Natural Areas. Cypress Creek is located at the Northwest corner of Jupiter Farms Rd. and Indiantown Rd. Riverbend Park is less than a mile from there to the east at 9060 Indiantown Rd., Jupiter, FL 33478. Also at Riverbend, to rent canoes phone (561) 746-7053.
Maria and I LOVE to go on long walks. We walk the beach in Jupiter. We walk through our neighborhood. And as luck would have it, we have two lovely natural areas within a few minutes drive from the house that we take advantage of from time to time. We first discovered Cypress Creek Natural Area. The parking area is nestled off of Indiantown Road just a whisker west of the light at Jupiter Farms Road, and it’s very easy to miss if you’re not looking for it. Once you park, there are two trails to choose from at this time (more are coming I believe, it appears they are in development), one heads west, the other to the east. The western trail is hard packed sand, and it meanders through the woods with wildlife in abundance and several observation platforms, shade shelters, bike racks and horse hitches. Yes, bikers and horseback riders are welcome. The western trail goes for approximately two miles, which would be a four mile round trip, we usually go halfway or a little more before turning back. There is very little shade on this trail and it gets HOT out there. The eastern trail is shorter, a little over two miles for a round trip, and it offers plenty of shade, as well as more of a grassy surface for walking on. We really have enjoyed our walks through Cypress Creek, but the other day we decided to try Riverbend Park for the first time and I think we’ve found a new favorite.
I like investigating things. I guess its been a hobby of mine to be quite nosy ever since studying journalism at URI, in fact its a trait the discipline thrives on. Ross and I travel up and down Indiantown Road almost every single day; going to the grocery store, picking up Ethan, journeying to the beach etc. etc. etc. Sometime ago, I was gazing out the window and spotted a trail weaving right alongside the road. I was instantly intrigued and thought we should give Cypress Creek a try. Unfortunately, we often don’t make it there until early afternoon, when the sun is blazing down. I’ve been wanting to give it a go at dawn, but honestly my motivation wanes when it comes to early morning exercise. Recently, I happened to notice Riverbend Park and that became my new investigation. When you drive into the park it’s hard to believe its nearly a third of the size of Cypress. Riverbend is a mere 680 acres, as opposed to the preserve’s daunting 2,083 acres. Ross informed me of that fact when we began researching the parks. I was surprised, since Riverbend seemed so extensive, but the new spot may be more accesssible to the public at this time. My advice for trekking around Riverbend is to refer to the detailed maps and the helpful signs that mark the trails. We almost got lost and in peak Florida heat that could be a serious mistake. Truthfully, it would be wise to bring some cold water on either of these trails.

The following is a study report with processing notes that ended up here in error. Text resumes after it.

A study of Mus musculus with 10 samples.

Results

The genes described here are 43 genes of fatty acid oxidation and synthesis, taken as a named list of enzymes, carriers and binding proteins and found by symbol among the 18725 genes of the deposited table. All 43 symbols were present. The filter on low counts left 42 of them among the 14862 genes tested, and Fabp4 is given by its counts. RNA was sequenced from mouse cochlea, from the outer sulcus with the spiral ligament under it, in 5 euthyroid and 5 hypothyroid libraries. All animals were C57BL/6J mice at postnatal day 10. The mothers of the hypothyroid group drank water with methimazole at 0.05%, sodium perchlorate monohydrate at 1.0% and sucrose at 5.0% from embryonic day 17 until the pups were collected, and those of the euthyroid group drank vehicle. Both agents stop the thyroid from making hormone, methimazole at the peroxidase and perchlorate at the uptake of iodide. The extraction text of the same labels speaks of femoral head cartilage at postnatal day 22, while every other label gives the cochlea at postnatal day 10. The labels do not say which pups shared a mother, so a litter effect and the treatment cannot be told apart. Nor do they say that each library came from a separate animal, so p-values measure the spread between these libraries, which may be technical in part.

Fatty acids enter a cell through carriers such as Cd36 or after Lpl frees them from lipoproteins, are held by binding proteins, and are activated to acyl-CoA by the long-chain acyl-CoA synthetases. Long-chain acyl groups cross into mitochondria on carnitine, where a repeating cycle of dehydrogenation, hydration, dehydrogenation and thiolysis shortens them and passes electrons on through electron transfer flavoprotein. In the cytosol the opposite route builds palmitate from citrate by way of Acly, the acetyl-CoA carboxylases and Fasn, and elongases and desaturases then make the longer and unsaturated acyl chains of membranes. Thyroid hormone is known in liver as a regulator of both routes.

Yes cold water is a must. Riverbend’s trails are well marked, but they go all over the place. We studied the map pretty good after our walk the other day and have our next sojourn already planned. As noted above, they also rent canoes at the park, something we are definitely going to do soon with Ethan. With 5 miles of waterway within the park, we should have quite a paddle. Like Cypress Creek, horses and bikers are welcome, but at Riverbend there are also plenty of picnic areas with grills and even picnic pavillions that seat 30 or more. These areas are available on a first come first serve basis. Fishing is also allowed. With the river prevalent almost everywhere you roam, aesthetically, Riverbend is a bit nicer stroll than Cypress Creek. In the future Maria and I will review more parks and nature preserves. We intend to white water raft, hike, zipline and whatever else we can think of. We will also be updating many of our reviews with photos, so be sure to visit us at mrsrag.com as often as you can.
Another one of my hobbies is photography. I absolutely love taking pictures, especially of wildlife and landscapes. But my camera needs some serious work. Regretfully, the last time we travelled down the sandy path at Cypress Creek we were rendered speechless by the sight of the tiniest fawn I’ve ever seen. And that’s saying something coming from a girl that lived in the Hudson Valley – upstate New York’s most bountiful deer territory. This fawn must have been newly born because it was the size of a throw pillow. Ross and I sat there staring back at the startled little guy for about 2 or 3 minutes and then it scampered away into the brush. We both looked at each other and almost simultaneously said, “Picture!…why didn’t we try and take a picture!” We had Ross’ iPhone and although it wouldn’t have done the fawn justice, it would have been better than nothing. Once I get a new camera or repair this useless box of light I have now, I promise we’ll get some photos up here. In the meantime, go check the parks out firsthand – that’s the best way to see them anyway!
Ross’ Ratings: Cypress Creek Natural Area- 3.5 Walking Sticks out of 5. Riverbend Park- 4 Walking Sticks.
Maria’s Rating: Cypress Creek – 3.5 Walking Sticks. Riverbend Park – 4.5 Walking Sticks.